Richard Aspinall takes a quick look at this new range.
The REEF-Flow 4 from TMC is the smallest in their new range of circulation pumps and retails at £64.99. The 8, 15 and 20 models range from £84.99 to £124.99 with outputs of 8,000, 15,000 and 20,000lph respectively.
I’ve had the Reef Flow 4 on test for a while and whilst it is notoriously difficult to accurately measure the number of litres of water per hour it is certainly holding its head up in the highly subjective ‘price versus water movement stakes’, which is after all one of the major considerations here. There are, after all, far more expensive devices on the market and there are some that experience shows actually shift far more water, but if you have a small nano sized system and you’re on a budget then this 4,000lph pump could well be for you.
The REEF-Flow range utilises the tried and tested magnetic attachment method and uses some flexible synthetic rubber material to dampen down any vibrations that would be transferred from the pump to the glass. Each magnet has a silicone cover that sits between it and the glass and then the unit is isolated from the clamp by four flexible fittings. I could not hear any problems caused by this relatively small unit, though more powerful units that are in need of replacement impellors or a good clean may generate noise, but that’s something I can only guess at.
The pump appears well enough put together and should last well enough in the chemically aggressive waters of the average reef tank. Time will tell as to whether the plastics become brittle and end up snapping, but initially the unit comes apart easily enough to facilitate cleaning, though the circular ‘bushes’ that sit over the mounting lugs are easily lost when cleaning, though this may be more to do with me being clumsy than anything else.
The controller does the job, but it is obviously a piece of electronics made to a budget and lacks the bells and whistles of many, far more expensively bespoke devices. This is undoubtedly a good thing, customers need kit from across the budget range and newcomers to the hobby will especially want equipment that gets them going and works.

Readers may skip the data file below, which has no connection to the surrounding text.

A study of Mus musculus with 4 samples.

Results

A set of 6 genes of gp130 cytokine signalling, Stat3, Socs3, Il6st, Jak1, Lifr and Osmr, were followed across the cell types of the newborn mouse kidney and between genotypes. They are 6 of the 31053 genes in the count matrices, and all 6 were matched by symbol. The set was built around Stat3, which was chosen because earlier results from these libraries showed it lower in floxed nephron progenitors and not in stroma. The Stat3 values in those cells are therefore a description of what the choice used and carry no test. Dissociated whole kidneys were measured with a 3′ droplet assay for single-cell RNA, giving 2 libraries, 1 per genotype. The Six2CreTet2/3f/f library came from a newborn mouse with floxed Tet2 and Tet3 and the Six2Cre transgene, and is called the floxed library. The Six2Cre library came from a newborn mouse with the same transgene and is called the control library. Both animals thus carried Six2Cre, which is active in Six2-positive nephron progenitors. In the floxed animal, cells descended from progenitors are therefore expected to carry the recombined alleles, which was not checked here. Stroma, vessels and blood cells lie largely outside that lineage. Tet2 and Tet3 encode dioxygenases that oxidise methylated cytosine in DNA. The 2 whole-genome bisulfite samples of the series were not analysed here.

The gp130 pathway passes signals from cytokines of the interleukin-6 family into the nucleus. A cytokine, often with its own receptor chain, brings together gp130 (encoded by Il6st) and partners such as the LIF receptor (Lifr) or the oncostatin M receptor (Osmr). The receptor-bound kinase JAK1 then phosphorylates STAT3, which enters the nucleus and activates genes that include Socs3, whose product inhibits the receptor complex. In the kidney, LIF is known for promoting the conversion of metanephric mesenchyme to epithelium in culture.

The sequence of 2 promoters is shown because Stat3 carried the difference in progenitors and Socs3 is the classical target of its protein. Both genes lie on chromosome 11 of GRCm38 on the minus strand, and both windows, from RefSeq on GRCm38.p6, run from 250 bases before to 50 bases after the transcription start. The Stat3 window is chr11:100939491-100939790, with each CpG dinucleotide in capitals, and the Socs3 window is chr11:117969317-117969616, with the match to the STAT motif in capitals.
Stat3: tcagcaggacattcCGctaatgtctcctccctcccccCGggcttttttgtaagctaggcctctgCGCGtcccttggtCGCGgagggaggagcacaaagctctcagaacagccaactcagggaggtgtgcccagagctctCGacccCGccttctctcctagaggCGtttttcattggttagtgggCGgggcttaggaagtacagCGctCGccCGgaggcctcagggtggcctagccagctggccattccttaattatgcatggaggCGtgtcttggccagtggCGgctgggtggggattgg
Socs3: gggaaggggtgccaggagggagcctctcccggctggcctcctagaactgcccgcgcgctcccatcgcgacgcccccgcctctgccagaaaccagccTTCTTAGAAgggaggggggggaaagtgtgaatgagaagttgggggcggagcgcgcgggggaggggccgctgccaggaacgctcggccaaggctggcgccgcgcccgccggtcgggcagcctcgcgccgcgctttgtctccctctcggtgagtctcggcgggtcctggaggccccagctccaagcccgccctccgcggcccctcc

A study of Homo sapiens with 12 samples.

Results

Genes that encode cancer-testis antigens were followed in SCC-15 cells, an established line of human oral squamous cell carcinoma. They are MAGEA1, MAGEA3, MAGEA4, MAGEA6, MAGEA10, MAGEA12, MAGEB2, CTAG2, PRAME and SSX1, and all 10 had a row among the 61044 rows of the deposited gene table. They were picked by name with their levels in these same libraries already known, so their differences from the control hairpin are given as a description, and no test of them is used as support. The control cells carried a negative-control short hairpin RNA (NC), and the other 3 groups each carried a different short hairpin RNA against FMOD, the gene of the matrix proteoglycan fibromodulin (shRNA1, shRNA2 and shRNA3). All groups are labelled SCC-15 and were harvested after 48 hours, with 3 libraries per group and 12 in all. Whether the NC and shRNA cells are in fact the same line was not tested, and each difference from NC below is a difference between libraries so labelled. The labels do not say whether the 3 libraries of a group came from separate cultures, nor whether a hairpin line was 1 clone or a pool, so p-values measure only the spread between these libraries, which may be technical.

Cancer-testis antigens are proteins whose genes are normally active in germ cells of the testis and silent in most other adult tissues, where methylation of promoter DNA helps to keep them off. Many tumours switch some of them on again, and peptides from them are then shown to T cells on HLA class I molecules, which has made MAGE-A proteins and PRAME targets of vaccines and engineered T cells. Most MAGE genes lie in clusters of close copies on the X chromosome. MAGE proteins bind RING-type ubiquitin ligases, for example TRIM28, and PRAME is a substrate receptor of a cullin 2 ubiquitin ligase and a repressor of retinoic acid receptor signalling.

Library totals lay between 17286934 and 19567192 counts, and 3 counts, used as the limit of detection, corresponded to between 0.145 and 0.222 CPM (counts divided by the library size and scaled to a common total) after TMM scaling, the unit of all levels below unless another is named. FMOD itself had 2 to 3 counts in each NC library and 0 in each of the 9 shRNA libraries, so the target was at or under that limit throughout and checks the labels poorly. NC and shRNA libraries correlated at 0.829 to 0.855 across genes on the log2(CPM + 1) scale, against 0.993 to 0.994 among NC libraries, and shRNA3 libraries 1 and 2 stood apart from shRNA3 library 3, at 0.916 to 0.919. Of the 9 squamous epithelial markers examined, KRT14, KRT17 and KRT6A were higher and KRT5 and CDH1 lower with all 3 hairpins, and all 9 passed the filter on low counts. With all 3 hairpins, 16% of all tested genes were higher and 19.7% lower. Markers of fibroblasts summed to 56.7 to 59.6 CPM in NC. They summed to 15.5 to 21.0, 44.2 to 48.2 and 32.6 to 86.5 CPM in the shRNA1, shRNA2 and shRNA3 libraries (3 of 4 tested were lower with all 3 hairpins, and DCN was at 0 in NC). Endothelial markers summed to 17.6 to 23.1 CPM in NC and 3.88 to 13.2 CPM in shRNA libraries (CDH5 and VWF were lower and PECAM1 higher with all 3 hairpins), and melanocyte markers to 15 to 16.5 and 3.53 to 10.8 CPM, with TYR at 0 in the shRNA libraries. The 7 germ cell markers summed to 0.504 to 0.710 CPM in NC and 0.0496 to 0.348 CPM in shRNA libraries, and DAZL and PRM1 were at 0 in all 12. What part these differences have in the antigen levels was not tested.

The controller offers an easy-to-use speed control and ability to select between various modes and is reminiscent of controllers available with other similar products. In fact, users of Jebao pumps may well recognise it as a rebranded Jebao unit and a close look at the box shows a small sticker from Jebao saying the product is “supplied exclusively for Tropical Marine Centre in the UK by Jebao Co Ltd.”
The controller’s feature set is quite rich. A light sensor can be used to activate a night mode though this will require placing the controller within ‘sight’ of the aquarium, but you can also select night mode manually.
The controller also has a feed mode; the pump will power down for ten minutes (unless manually cancelled) and then return to its previous setting. The various circulation modes are straight forward: wave, surge, random, constant and alternating and offer many hours of tinkering for the committed hobbyist. But don’t assume this is a simple device, it can be used wirelessly with up to eight other pumps (you have to set one as the ‘master’ and the others as ‘slaves’). It’s worth pausing right here: a pump for less than seventy quid with wireless control! This shows us just how far technology has advanced and how easy it is to do something that a decade ago would have been considered a luxury far off in the future: now its common place. Sadly, I only have one REEF-Flow to play with so I’m taking TMC’s literature at face value and assuming it works, there’s no reason to doubt it, but apologise I cannot independently verify it.
So, to summarise. This is an ideal range of products for the newcomer or the aquarist working to a budget. It has all that you absolutely need with the possibility of creating some interesting circulation patterns in your tank though the addition of more units.